Helen Clark became the Administrator of the United Nations Development Programme on 17 April 2009, and is the first woman to lead the organization. She is also the Chair of the United Nations Development Group, a committee consisting of the heads of all UN funds, programmes and departments working on development issues. Prior to her appointment with UNDP, Helen Clark served for nine years as Prime Minister of New Zealand, serving three successive terms from 1999 – 2008. She graduated with a BA in 1971 and an MA with First Class Honours in 1974.

Official Campaign Site

Vision Statement

Media Stakeout following Informal Dialogue

BACKGROUND

Born 26 February, 1950 (age 66) in Hamilton, New Zealand. Helen Clark entered politics in 1981 and has held, among others, the following public positions:

Member of the New Zealand Parliament for Mount Albert 1981 – 2009
Minister of Health 1987 – 1990
Deputy Prime Minister of New Zealand 1989 – 1990
Deputy Leader of the Opposition 1990 – 1993
Leader of the Opposition 1993 – 1999
Prime Minister of New Zealand 1999 – 2008

POLICY & PERFORMANCE

Helen Clark became the Administrator of the United Nations Development Programme on 17 April 2009, and is the first woman to lead the organization. She is also the Chair of the United Nations Development Group, a committee consisting of the heads of all UN funds, programmes and departments working on development issues. Under Helen’s leadership, UNDP topped the Global Campaign for Aid Transparency’s 2014 index of major worldwide aid institutions.

Prior to her appointment with UNDP, Helen Clark served for nine years as Prime Minister of New Zealand, serving three successive terms from 1999 – 2008. Throughout her tenure as Prime Minister, Helen Clark engaged widely in policy development and advocacy across the international, economic, social and cultural spheres. Under her leadership, New Zealand achieved significant economic growth, low levels of unemployment, and high levels of investment in education and health, and in the well-being of families and older citizens. She and her government prioritized reconciliation and the settlement of historical grievances with New Zealand’s indigenous people and the development of an inclusive multicultural and multi-faith society.

ON THE ISSUES

An overview of all statements made by Ms. Clark in her capacity as UNDP Administrator can be found here.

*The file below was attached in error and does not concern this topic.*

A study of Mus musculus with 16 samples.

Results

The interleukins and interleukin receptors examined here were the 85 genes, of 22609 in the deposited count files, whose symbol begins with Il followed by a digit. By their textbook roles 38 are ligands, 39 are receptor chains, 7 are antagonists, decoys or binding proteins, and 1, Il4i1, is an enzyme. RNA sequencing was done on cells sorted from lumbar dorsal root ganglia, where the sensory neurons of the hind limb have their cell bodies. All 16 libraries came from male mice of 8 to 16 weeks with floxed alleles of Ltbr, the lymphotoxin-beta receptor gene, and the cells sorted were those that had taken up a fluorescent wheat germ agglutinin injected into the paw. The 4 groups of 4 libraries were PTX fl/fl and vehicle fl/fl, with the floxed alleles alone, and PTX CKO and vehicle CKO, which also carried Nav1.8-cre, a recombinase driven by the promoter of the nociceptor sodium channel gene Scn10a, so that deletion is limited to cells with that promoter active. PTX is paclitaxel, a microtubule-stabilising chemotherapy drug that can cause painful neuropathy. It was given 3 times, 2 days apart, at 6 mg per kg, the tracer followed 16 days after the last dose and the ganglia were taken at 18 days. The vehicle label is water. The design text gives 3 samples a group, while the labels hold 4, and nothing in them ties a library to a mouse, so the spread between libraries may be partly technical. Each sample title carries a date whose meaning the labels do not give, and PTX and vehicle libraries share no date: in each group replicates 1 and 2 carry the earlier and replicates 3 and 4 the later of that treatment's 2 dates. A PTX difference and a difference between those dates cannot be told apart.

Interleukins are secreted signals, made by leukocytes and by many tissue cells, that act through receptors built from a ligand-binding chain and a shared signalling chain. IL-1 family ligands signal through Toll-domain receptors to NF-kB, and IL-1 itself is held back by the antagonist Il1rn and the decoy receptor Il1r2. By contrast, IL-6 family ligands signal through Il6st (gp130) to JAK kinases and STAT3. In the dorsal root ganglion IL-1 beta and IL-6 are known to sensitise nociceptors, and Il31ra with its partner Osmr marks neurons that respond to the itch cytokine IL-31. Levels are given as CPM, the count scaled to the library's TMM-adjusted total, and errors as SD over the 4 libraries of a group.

Sustainable Development and Climate Change

Helen Clark delivered opening remarks at Ministerial Conference on Implementation of the 2030 Sustainable Development Agenda in Arab Countries Social Dimensions. In her remarks, Helen Clark said, “sustainable development requires whole of government and cross-sectoral approaches” and “government commitment is vital, but insufficient on its own. Parliaments and civil society must be engaged in meaningful ways, and the ways in which business does business will also have a big impact on whether development is inclusive and sustainable.”

Crime

In her speech at the Annual Foreign Policy Lecture on “Conflict and Development: Breaking the cycle of Fragility, Violence, and Poverty”, Helen Clark advocated a “resilience-based approach”, which entails “building resilient institutions”, which encompassing “a focus on accelerated human capital development” and “investment in social accountability systems”, building resilient livelihoods and economics, building societal resilience, and rebuilding social and civic trust.

Migration/ Refugees

In her statement at the briefing on the Syria Response, Helen Clark said “[A] key issue identified was the need to ensure better integration of meeting immediate humanitarian needs with short, medium, and long term resilience initiatives building livelihoods and services.”

Gender Equality/ Women’s Rights

In her speech at World Assembly of Women on “Gender Equality and Women’s Leadership”, Helen Clark said: “throughout the world, women face many barriers to empowerment – both attitudinal and structural, which is why it is important to build overall environments in which all women can thrive”. “One way to accelerate the numbers of women in decision-making is to use temporary special measures, including gender quotas” and “empowering women in their homes and communities and achieving true gender equality also requires tackling gender-based violence.”

Peacekeeping

In her statement at ECOSOC, Helen Clark said “the amount of resources available for international co-operation is limited. Therefore, how we invest every single dollar in rising to the challenge of pursuing sustainable development in today’s complex circumstances matters. That is why strengthening the co-ordination of the development, humanitarian, and peace pillars of the UN’s work matters.”

Human Rights

In her remarks at the launch of the UNDG Human Rights Mainstreaming Multi-Donor Trust Fund, Helen Clark said: “Through development, countries can improve their ability to promote and protect human rights. And conversely, through the application of human rights principles, including non-discrimination, participation, and accountability, countries can help make national development efforts more effective and peace more secure.”